Few concepts are as damaging.
Many judge the depths of love by how much pain someone is willing to endure on their behalf. By how much they are willing to suffer and the shenanigans they tolerate.
We sometimes measure the love of others and allow our own love to be measured by this unfair, abusive, self-harming standard. To set the bar for how much a person cares alongside how much they’ll allow you to hurt them is cruel and demeaning. It’s ultimately judging the level of someone’s love for you by how little they love themselves.
In the name of love, we’re expected to withstand heartbreak after heartbreak and one transgression after another. We think that if we truly love someone, we do not leave them. We’re always supposed to stay and “work it out.” But there is a thin line between forgiveness and foolishness.
Who taught us that love hurts?
We allow ourselves to be convinced that love and pain go hand-in-hand. Tears streaming down our face tell us that it must, or we wouldn’t care so deeply. The longing, the angst. The staring at a phone that should have rung a long time ago tells us that they matter. Sitting by the door, waiting with a lump in our throat for someone to finally decide to come home, hoping that they will, reinforces our desire for them to be near. We’ll hold on to a supposedly exclusive partner who is repeatedly unfaithful because we can’t bear the idea of them actually developing feelings for another. The anguish, the emotions, and the out-of-character behavior to which we are driven tell us that this is love.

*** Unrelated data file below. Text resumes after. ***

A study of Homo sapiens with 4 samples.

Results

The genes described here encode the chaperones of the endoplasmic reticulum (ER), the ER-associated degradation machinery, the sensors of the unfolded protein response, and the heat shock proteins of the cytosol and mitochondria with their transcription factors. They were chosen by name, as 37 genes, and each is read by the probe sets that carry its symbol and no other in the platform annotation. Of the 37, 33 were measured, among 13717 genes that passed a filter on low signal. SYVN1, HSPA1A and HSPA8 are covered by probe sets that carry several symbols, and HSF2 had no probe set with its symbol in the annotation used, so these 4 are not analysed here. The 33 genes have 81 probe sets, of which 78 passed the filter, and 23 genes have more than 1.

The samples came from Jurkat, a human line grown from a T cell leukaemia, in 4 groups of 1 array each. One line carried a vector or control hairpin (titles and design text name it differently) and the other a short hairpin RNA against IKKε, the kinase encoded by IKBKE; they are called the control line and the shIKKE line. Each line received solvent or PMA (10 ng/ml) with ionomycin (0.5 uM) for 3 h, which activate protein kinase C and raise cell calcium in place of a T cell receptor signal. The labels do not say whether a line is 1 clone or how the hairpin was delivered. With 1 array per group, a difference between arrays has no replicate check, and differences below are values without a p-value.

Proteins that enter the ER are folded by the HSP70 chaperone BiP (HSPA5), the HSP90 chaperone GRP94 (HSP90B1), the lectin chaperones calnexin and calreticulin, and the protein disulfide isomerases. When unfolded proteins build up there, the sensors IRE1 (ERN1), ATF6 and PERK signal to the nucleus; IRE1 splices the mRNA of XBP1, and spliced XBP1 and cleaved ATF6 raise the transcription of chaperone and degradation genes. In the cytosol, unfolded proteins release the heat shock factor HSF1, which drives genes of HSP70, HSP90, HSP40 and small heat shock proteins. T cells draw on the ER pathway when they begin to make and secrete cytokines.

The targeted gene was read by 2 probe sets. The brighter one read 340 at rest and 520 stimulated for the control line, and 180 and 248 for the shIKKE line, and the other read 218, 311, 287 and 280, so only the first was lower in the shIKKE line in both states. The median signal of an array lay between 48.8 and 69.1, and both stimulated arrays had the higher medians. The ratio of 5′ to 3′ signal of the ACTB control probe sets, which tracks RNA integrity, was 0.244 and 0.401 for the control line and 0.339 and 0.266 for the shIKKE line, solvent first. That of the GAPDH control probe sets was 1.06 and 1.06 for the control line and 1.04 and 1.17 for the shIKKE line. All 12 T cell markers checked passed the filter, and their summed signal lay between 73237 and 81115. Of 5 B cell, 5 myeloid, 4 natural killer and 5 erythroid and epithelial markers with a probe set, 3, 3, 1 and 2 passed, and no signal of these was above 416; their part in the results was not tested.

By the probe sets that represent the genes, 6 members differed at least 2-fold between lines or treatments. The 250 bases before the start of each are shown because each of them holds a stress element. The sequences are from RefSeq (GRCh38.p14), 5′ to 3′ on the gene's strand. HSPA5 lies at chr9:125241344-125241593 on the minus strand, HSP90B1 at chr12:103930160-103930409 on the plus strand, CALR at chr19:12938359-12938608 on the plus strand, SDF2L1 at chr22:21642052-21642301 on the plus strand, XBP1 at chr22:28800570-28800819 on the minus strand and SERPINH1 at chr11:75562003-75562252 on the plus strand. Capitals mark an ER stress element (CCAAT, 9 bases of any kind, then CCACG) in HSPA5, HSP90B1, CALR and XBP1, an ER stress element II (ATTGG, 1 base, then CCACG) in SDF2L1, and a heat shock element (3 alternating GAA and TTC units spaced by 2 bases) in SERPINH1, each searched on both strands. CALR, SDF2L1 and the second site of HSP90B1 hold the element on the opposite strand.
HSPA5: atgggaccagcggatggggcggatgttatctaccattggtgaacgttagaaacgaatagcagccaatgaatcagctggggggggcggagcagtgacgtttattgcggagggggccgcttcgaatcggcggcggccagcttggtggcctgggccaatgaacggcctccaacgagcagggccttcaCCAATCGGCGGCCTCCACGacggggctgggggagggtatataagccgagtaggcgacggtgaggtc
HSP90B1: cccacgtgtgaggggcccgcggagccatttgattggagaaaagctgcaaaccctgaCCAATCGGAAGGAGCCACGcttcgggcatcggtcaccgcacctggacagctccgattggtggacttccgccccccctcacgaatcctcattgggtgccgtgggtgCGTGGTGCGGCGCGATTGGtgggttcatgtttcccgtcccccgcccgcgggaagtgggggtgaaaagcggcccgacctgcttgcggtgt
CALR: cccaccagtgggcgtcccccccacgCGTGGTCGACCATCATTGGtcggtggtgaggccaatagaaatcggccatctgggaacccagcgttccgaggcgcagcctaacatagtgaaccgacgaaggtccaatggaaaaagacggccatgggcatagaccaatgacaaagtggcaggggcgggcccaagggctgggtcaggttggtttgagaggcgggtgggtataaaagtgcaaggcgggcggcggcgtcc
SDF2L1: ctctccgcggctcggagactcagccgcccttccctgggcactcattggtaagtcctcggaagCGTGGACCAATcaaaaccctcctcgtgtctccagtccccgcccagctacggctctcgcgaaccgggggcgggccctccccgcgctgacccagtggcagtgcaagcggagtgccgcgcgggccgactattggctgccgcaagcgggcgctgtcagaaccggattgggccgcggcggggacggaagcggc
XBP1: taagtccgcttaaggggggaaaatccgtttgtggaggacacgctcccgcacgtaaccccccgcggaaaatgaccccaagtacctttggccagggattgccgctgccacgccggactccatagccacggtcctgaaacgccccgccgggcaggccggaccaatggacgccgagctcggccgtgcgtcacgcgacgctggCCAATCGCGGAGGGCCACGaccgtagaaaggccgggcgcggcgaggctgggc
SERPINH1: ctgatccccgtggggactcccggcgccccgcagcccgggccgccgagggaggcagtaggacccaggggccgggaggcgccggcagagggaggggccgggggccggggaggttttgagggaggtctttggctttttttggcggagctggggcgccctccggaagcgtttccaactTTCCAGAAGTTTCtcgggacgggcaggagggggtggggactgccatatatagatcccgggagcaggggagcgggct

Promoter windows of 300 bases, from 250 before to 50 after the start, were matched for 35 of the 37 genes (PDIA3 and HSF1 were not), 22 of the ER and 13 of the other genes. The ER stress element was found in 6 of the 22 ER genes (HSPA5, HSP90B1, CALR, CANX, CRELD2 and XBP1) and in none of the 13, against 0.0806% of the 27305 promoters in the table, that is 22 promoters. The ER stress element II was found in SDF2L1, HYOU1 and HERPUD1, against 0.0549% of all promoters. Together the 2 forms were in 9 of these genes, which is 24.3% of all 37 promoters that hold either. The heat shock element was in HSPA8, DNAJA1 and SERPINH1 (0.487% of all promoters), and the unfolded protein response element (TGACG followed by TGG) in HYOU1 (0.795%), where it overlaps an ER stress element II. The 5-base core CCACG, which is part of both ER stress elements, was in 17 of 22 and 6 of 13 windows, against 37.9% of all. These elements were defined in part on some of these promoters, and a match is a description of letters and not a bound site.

So, we take it. We suffer in an effort to prove ourselves. To prove our love. And we make ourselves believe that if we just keep loving them, long enough, hard enough, things will get better — that this perverse concept of love will transform and become pure. That’s if we even recognize it as tainted.
This outlook serves no one other than the person inflicting the hurt. They do whatever they want, indulge their most selfish desires and still get to keep the person they claim to adore. Or, perhaps both parties are wounding one another. Certainly, any relationship that leaves us black and blue inside but begging for more can’t be considered healthy.